Coach Steve Latham teaches a class of 9-15 year olds at the GoalGetters soccer camp. (Alex Kurial / The Northern View)

KURIAL: The more sports camps the merrier

Prince Rupert doing a good job attracting professional talent, but even more is possible

The Vancouver Whitecaps Development Camp is coming to Prince Rupert next week, and with it a chance for local youth to learn skills from professional coaches, and perhaps even catch the right person’s attention en route to a career in professional soccer.

This is on the heels of the GoalGetters soccer camp a few weeks ago, where students picked up the basics of the sport under the instruction of former Canadian national team player John Sneddon.

Also in June, Prince Rupert’s young athletes took part in a basketball camp led by professional athlete Noah Dahlman. The camp was intensive, but rewarding, and taught all of its members several key points about basketball and life. All the kids went away from it with a smile.


Often times these camps will be the first encounter kids have with the sport in an organized setting, and certainly the first time they are taught by a former professional. Not only does this introduce kids to new sports, but it also shows them that with hard work they can translate on the field success into their everyday lives. A professional career may not always be the case, but a sports scholarship to university certainly could be.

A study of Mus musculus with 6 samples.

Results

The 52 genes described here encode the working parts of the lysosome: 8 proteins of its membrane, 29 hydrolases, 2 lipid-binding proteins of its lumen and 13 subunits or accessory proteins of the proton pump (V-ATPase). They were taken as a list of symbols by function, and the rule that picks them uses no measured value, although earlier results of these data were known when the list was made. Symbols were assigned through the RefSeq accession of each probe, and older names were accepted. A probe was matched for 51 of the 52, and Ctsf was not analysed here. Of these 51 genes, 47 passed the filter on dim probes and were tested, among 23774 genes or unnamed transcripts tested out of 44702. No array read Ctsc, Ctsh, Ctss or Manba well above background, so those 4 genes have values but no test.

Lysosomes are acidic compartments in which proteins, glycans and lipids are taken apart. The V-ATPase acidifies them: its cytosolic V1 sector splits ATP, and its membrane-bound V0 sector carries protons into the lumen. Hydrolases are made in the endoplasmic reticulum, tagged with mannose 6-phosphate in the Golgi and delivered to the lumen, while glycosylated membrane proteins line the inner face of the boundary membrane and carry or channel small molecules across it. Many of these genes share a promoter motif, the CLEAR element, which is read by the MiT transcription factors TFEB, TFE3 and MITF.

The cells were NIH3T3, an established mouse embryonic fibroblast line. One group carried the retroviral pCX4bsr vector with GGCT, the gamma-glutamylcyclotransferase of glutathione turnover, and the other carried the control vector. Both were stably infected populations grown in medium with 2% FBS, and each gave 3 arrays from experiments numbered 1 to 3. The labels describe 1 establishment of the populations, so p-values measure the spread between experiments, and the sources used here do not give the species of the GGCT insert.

Prince Rupert is clearly on the sporting map in order to draw this sort of professional presence, and attracting these teams and athletes is no small feat. But is there even more opportunity we could be bringing in?


A development camp run by the Canucks would of course be a massive draw for local youth. There is hockey talent up here, Brett Fudger’s recent signing with the Vernon Vipers of the BCHL being the current Exhibit A. There’s no telling what a week with Bo Horvat or Brock Boeser could do to turn out the next NHL star. The Aquilini’s have a sizeable presence in Prince Rupert, it would be a big deal for the town if they chose to make this happen.

Professional development camps build talent no doubt, but they also build skills kids can use off the playing field as well. “If I just teach basketball I failed within the camp,” Noah Dahlman said about his basketball camp. The lessons learned are translatable in all facets of life, meaning the more youth sports camps the better.